Sometimes a guy gets exactly what he asks for. I did just that last week when I asked for fishing questions. We have enough to last for months. I’ll do my best to answer most, if not all, of them.
Here goes…James Barron asked me about what conditions made me choose a bladed jig over a swim jig.
They’re two very different lures, James. I use a bladed jig when I want to make sure my fish can see and feel my bait. If the water’s dirty or if there’s a lot of cloud cover and wind, I’ll toss the bladed model first.
On the other hand, if the water’s clear or the bites a little tough under a bright sun, I’ll often try something a little more subtle — a standard swim jig. Under those conditions the blade and thump can be just a little too much.
But, like most things with bass fishing, there’s more to it than that. I’ll often go with a blade if there’s submerged grass that I think is holding bass. I’ll swim it along so that it just ticks the tops of the stems. If that doesn’t work I’ll let it fall right down into the grass and then pull or jerk it out.
I pull when the water’s cold. Slow and steady is how that’s done. If the water’s hot, I’ll rip it out as fast as I possibly can. They seem to like it best that way.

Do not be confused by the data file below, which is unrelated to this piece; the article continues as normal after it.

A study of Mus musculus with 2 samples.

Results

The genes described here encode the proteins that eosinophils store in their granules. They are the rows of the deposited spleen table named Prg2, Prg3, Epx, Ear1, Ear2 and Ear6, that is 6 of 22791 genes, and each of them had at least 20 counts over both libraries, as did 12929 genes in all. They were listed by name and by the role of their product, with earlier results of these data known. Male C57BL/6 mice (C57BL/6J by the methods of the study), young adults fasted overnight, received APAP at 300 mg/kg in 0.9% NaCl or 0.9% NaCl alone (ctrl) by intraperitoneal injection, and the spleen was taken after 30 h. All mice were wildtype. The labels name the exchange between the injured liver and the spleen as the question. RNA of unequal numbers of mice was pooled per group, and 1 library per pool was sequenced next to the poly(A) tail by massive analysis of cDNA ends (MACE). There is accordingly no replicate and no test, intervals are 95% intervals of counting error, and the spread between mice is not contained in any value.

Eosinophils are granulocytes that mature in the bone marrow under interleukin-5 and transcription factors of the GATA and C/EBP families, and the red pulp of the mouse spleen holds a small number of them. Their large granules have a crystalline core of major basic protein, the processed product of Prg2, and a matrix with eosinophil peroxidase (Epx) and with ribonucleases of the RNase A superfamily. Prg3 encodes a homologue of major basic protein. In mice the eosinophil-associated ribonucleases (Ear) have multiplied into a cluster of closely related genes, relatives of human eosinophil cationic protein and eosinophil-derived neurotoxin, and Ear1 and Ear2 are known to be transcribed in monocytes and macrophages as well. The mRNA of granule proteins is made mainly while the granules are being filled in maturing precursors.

Another scenario I see from time to time is when a bass will run out of heavy wood or cover, see the bladed model, and then turn back and swim into the cover. I frequently follow up with an ordinary swim jig. That puts them in my livewell more often than not.
One thing I think that hasn’t been explored as thoroughly as it could be is deep water blade jig fishing. Most of what I see with bladed jigs is in water 5 feet deep or less. I think we should all do more fishing with them in water up to 20 feet deep.
One thing I don’t do with bladed jigs is hop them along the bottom or pull them up and down. I swim mine.
I know the up and down retrieve is popular with some anglers — including Mike Iaconelli — so take my thoughts on that with a grain of salt. Mike’s a super good bass angler so maybe he’s onto something I’m not familiar with. I can say I don’t do it, but I won’t say you shouldn’t do it.
There is one thing about bladed jigs that I want to warn you about, however. They aren’t very weedless, especially around wood. They will hang. This seems to be pretty much true of every make and model. It’s in the basic design of the lure.
The most weedless one I know about is the Strike King Tour Grade Rage Blade. It’s as good as you can get. The only thing about it, though, is that it doesn’t run very deep. It’s great down to about 5 feet but it’s hard to get it down below that.
Next time we’ll tackle another question.